35th Civil Support Teams trains alongside state, federal partners in preparation for 2019 college football season

By Maj. Holli Nelson | West Virginia National Guard Public Affairs | May 30, 2019

MORGANTOWN, W.Va. —

While it may be a few more months before the West Virginia University (WVU) Mountaineers take the field in Morgantown for the start of the 2019 college football season, behind the scenes work is already underway to ensure the safety and security of all fans who attend a home game.

The West Virginia National Guard’s 35th Civil Support Team (Weapons of Mass Destruction) took part in Operation Rough Ride, a WVU full scale exercise, May 29, 2019, involving more than 150 participants from 25 departments/units representing 18 organizations from campus, local, state and federal agencies. The exercise, which was sponsored by the WVU Police Department and WVU Office of Emergency Management, provided participants with an opportunity to assess capabilities, plans, policies and procedures, with a focus on decision-making, coordination, and integration between multiple agencies. 

The simulated incident involved rescue and medical service response from first responders, security and incident management, as well as hazardous material response, a specialty of the 35th CST (WMD). Additional new technologies were tested during the exercise, including the use of drones by civilian responders for safely viewing potentially congested or blocked areas, and incident management software.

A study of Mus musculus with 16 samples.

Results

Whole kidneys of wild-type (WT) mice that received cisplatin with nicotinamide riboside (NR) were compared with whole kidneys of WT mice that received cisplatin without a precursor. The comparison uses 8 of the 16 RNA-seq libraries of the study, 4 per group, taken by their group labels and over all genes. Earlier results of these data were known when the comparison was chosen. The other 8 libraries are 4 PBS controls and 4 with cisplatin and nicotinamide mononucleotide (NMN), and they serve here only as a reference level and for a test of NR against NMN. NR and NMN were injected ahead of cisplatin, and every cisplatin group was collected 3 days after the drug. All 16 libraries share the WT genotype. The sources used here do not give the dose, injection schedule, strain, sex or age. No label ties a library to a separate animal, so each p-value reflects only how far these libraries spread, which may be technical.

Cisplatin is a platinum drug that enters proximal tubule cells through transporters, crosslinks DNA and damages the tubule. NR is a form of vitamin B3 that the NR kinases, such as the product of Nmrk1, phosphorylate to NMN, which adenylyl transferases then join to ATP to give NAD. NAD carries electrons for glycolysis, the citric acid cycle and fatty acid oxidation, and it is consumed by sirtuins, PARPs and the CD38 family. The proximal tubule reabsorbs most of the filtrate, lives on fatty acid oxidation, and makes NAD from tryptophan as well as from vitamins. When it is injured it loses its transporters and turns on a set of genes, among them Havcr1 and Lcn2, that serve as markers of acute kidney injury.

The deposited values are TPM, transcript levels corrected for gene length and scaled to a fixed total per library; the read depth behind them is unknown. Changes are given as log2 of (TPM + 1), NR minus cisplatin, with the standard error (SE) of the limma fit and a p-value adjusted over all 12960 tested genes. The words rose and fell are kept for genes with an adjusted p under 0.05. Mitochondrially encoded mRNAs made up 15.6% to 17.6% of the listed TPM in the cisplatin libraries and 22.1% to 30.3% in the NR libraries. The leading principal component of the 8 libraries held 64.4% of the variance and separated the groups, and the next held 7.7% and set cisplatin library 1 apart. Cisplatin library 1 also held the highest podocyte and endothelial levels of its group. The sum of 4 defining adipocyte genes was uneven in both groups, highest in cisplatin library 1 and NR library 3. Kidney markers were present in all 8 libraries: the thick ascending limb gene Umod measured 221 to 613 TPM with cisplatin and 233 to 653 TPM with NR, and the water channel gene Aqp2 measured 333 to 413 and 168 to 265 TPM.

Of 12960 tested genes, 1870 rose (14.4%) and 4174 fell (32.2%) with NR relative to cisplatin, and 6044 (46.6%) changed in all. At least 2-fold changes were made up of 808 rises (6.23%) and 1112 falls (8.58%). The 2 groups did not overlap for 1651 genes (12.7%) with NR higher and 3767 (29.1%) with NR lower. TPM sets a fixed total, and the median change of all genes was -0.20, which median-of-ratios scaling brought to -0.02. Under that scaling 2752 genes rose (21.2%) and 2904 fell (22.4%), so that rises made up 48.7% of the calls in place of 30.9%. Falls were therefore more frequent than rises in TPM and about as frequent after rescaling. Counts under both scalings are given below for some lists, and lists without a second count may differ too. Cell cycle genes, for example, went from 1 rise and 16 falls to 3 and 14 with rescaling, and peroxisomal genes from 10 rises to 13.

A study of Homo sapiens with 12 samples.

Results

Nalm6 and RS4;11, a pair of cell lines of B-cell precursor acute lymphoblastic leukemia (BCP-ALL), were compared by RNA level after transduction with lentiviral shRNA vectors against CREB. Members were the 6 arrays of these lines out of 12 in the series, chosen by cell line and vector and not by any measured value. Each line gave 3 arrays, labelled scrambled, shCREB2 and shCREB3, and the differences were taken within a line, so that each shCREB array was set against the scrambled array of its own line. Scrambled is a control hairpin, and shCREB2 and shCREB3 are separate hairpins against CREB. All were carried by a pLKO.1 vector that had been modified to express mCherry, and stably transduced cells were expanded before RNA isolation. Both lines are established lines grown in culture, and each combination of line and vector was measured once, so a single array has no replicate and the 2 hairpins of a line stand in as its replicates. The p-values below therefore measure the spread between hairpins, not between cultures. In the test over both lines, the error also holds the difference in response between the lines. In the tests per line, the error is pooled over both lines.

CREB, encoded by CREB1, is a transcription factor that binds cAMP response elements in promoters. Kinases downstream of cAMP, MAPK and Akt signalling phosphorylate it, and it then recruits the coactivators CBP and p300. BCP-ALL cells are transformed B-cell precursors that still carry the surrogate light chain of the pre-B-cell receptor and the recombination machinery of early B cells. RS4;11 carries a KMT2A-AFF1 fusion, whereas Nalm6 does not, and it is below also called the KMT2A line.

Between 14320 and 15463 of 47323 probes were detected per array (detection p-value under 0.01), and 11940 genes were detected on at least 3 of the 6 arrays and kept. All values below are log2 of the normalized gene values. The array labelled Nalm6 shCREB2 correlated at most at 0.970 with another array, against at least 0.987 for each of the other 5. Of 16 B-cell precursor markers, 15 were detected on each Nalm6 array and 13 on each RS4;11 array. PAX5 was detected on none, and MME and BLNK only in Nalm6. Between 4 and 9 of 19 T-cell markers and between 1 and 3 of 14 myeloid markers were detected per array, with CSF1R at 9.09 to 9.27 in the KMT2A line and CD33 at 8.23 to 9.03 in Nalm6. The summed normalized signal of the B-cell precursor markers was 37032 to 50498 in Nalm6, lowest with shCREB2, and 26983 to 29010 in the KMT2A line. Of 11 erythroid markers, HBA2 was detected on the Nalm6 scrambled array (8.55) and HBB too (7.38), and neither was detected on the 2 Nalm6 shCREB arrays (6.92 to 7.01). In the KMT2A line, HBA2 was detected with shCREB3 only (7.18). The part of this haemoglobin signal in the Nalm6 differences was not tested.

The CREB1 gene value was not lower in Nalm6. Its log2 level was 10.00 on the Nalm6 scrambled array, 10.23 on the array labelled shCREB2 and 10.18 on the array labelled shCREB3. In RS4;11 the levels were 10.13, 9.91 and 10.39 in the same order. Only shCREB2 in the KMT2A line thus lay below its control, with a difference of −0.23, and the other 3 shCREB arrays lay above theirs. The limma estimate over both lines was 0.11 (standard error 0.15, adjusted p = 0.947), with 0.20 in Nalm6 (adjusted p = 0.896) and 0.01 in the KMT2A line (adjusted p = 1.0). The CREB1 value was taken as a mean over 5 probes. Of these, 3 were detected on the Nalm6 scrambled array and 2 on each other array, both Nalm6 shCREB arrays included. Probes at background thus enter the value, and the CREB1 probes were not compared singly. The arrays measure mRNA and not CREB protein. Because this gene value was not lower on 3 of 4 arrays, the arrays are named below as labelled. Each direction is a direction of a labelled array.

The 35th CST (WMD) supports civil authorities in responding to a domestic Chemical, Biological, Radiological, Nuclear or Explosive (CBRNE) incident by identifying agents and substances, assessing current and projected consequences, advising on response measures, and assisting with appropriate requests for additional State and Federal support.

"Preparedness exercises, such as Operation Rough Ride, are crucial events for our team to hone our skills to better support our local, state, and federal response partners. Maintaining a high state of readiness is paramount to our unit and the West Virginia National Guard's ability to proactively react to an incident as part of an interagency response capability for our region,” said U.S. Army Maj Will Hargis, deputy commander of the 35th CST (WMD).

Fourteen personnel from the 35th CST (WMD) took part in the exercise in order to better synchronize with local agencies who support each WVU Mountaineers home football game. 

The expected outcome of the exercise was to strengthen preparedness and response, test new technologies, and enhance overall readiness from a multi-agency perspective.

The 35th CST (WMD), headquartered in St. Albans, West Virginia, is one of 57 Civil Support Teams across the country and is available 24 hours a day, seven days a week for rapid deployment for response operations.